Chase Sapphire Preferred Review: Turn 40,000 Points into $500(5/5 - 118 Votes)
Want a killer signup bonus? Look no further: The Chase Sapphire Preferred card just upped its signup bonus to 40,000 points, and now they’re revamping their rewards program. In addition to offering 40k Ultimate Rewards Points on signup, you can now earn double rewards on travel and dining purchases. We’ve always viewed the Sapphire Preferred favorably, but our review just went from positive to glowing. Why? Turns out 40,000 points can be worth a lot more than $400.
Chase Sapphire Preferred®
APR , Variable*
$0 1st year, then $95
Earn 40,000 bonus points after you spend $3,000 in the first 3 months
We value Ultimate Rewards points at 1 cent apiece, but if you redeem for travel booked through Chase, your points are worth 25% more. This means that the 40,000-point bonus is worth $500 if you redeem it right. In the space of a few months, the Sapphire doubled its bonus and kicked up its rewards rate, ranking the card among the best travel credit cards.
The perks and particulars of the Chase Sapphire
The Chase Sapphire Preferred has a few quirks that make it all the more attractive. First and foremost, it’s now improved its rewards program from a flat 1% back to 2% back on travel and dining. Second, points are worth 25% more if you use them to book travel through Chase’s Ultimate Rewards Travel Service. This feature, which is not offered on the no-fee Sapphire, can significantly improve your rewards rate.
The Preferred also gives a “points dividend,” an unusual feature among rewards credit cards that isn’t offered on the no-fee Sapphire. It pays a 7% bonus on your rewards points each year, meaning your rewards will earn rewards themselves, even if you’ve already spent them. For example, if you spend $100,000, you’ll get 100,000 points worth $1,000. At the end of the year, you’ll get 7% more on those 100k points, for a total of $1,070 in rewards. This, combined with the 25% travel bonus, means you could get a rewards rate as high as 1.34%.
Finally, the Chase Sapphire has no foreign transaction fee, a great benefit for international travelers. The industry standard is around 3%, so if you spend $2,500 abroad, you’ll end up saving $75. This feature is essential for travel credit cards.
Ultimate Rewards Points: a rewards program review
The Chase Sapphire pays out rewards in Ultimate Rewards Points, which can be redeemed for cash or gift certificates at a 100-point-to-$1 value. Chase also lets you transfer your Ultimate Rewards Points to an existing hotel or airline loyalty program at a 1:1 ratio, though this perk seems to be restricted to just a few companies. Chase already offers branded credit cards with most of these:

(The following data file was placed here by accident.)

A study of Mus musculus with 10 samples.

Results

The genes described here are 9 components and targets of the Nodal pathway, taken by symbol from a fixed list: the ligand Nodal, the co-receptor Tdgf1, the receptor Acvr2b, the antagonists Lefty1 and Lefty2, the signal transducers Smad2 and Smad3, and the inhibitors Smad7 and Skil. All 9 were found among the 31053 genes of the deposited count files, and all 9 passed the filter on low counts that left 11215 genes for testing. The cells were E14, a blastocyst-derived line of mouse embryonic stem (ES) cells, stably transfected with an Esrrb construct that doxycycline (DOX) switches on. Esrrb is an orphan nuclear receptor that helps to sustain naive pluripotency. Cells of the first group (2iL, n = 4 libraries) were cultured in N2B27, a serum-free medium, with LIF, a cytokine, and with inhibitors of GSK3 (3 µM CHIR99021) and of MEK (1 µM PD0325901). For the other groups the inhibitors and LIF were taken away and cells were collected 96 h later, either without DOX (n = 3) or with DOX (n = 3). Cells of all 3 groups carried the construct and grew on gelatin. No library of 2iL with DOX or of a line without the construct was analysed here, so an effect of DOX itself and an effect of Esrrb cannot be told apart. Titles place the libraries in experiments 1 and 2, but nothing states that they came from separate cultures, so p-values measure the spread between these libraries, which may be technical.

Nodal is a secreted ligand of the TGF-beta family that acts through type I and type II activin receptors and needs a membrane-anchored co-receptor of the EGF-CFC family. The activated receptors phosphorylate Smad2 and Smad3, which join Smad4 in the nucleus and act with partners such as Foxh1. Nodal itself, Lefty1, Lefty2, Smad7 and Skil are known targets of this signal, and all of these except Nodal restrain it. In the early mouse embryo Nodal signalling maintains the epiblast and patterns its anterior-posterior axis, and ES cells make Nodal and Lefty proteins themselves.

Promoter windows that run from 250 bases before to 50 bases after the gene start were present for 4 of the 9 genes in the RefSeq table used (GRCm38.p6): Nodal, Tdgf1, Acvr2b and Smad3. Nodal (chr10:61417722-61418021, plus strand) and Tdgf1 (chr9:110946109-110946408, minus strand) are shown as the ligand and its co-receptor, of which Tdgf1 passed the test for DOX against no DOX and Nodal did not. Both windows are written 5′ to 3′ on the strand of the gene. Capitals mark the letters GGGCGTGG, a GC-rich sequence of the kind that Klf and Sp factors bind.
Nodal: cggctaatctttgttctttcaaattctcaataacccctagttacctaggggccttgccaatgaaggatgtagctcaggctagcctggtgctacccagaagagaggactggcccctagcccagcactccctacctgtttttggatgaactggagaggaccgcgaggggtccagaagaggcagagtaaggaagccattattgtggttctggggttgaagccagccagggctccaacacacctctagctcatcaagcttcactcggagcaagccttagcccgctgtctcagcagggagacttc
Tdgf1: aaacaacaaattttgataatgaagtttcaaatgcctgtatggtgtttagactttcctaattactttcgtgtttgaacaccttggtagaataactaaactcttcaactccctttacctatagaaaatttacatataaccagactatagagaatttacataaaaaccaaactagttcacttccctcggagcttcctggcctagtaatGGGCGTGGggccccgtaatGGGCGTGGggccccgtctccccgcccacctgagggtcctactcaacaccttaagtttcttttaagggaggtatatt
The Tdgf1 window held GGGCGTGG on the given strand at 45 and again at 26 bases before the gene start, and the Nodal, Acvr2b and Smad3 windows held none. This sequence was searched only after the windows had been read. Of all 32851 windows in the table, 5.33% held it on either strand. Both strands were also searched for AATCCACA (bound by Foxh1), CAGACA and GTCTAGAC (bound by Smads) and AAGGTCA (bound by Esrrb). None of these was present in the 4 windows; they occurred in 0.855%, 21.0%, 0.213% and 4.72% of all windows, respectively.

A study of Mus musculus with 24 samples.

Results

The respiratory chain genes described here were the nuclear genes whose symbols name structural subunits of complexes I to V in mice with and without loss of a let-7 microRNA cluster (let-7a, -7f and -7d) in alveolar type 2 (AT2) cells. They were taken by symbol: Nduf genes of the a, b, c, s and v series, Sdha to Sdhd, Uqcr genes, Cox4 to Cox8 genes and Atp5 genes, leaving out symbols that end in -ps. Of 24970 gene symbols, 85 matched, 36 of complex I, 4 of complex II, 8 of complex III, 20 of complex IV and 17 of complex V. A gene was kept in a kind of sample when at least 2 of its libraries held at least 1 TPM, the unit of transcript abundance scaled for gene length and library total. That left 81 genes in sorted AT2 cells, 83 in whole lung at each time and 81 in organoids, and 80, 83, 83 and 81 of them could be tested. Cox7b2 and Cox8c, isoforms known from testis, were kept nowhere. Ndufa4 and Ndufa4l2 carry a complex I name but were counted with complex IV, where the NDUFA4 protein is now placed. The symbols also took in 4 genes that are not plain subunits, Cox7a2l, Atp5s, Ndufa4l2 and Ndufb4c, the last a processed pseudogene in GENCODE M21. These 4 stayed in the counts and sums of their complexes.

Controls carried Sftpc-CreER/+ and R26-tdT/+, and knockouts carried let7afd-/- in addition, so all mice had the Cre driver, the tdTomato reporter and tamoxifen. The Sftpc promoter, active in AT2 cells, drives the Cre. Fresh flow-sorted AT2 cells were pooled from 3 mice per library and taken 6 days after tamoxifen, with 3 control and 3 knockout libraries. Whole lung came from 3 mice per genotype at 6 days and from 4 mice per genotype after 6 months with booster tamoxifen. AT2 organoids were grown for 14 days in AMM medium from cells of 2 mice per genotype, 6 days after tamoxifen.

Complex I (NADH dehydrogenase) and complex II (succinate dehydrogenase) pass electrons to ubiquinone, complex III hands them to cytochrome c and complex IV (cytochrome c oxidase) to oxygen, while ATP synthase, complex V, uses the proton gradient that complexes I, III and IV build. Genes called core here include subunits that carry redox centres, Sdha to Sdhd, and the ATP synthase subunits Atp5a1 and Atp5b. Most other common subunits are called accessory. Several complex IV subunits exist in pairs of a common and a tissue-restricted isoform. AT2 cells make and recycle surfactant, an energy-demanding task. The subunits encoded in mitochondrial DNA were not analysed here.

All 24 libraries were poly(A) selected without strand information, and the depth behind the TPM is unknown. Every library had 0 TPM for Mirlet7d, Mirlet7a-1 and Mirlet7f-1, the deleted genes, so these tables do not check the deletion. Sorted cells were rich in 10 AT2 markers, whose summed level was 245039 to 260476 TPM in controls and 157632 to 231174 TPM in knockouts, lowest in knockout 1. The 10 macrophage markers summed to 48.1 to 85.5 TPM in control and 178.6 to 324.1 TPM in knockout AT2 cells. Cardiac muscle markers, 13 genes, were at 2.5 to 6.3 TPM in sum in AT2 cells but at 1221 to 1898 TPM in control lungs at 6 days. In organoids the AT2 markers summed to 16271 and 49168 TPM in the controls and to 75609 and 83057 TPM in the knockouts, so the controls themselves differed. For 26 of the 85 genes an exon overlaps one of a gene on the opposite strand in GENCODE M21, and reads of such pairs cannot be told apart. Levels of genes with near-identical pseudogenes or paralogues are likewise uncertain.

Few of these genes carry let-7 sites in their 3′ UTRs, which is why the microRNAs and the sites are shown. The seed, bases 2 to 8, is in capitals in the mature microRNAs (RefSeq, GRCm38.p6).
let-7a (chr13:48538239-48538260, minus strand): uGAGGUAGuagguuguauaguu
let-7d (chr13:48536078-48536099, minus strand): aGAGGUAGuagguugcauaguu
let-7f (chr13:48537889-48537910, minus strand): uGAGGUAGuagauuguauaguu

- Amtrak (Amtrak Guest Rewards)
- British Airways (Chase British Airways)
- Continental/United Airlines (United MileagePlus Explorer, Continental OnePass, and Continental Presidential Plus)
- IHG (Priority Club credit card)
- Marriott (Chase Marriott)
- Southwest Airlines
This can be quite a useful perk, especially since you can use BA miles on Alaska and American Airlines as well as Cathay Pacific, Aer Lingus and others. However, you can get substantially better value if you book travel through the Ultimate Rewards travel service operated by Chase: your rewards points will be worth 25% more. So, for example, if you used your 40,000 signup points to book a flight through Chase, you’d be getting $500 in airfare.
The Ultimate Rewards Mall also has some great bonus reward-earning options. If you spend your points (or cash) there, you’ll earn rewards on top of what you’ve already got. As a random sample, Sephora online purchases earn 8 points per dollar, while Macy’s earns 6 and Omaha Steaks gets 12, in addition to the base 1% rewards.
Is the Sapphire Preferred worth the annual fee?
The no-fee Sapphire is a step down from the Preferred in a number of ways.
- Its signup bonus is 25k points, half of the Preferred’s
- It earns 2x rewards on dining, rather than both dining and travel
- It isn’t eligible for the 20% points boost when using rewards for travel
- It doesn’t get the 7% rewards dividend
- It charges a 3% foreign transaction fee
The Chase Sapphire Preferred always beat out the no-fee version in the short and medium term. Its previous signup bonus was $250, and it waived the $95 annual fee in the first year, so based solely on the signup bonus vs. annual fee, the no-fee pulls ahead of the Preferred only after the third year. Now, the Preferred offers a $500 signup bonus while the no-fee offers $100, so you’d have to go a whole 5+ years before the no-fee would outweigh the Preferred – and again, that’s not including rewards or other fees.
If you spend $3,170 abroad, your savings on foreign transaction fees will more than make up for the annual fee. Thanks to the 7% reward dividend, if you spend $135,800, you’ll earn enough with the “reward returns” to cancel out the annual fee. Spend $9500 on travel, and the extra rewards on the Preferred make up for the annual fee. There’s a number of ways to make up for the charge.
Verdict: If you’re only looking to hold the card for < 5 years, the Sapphire Preferred’s the way to go. Longer-term, if you spend a lot overseas, travel extensively or spend a lot in general, you should stick with the Preferred, but if not, the no-fee version might be better.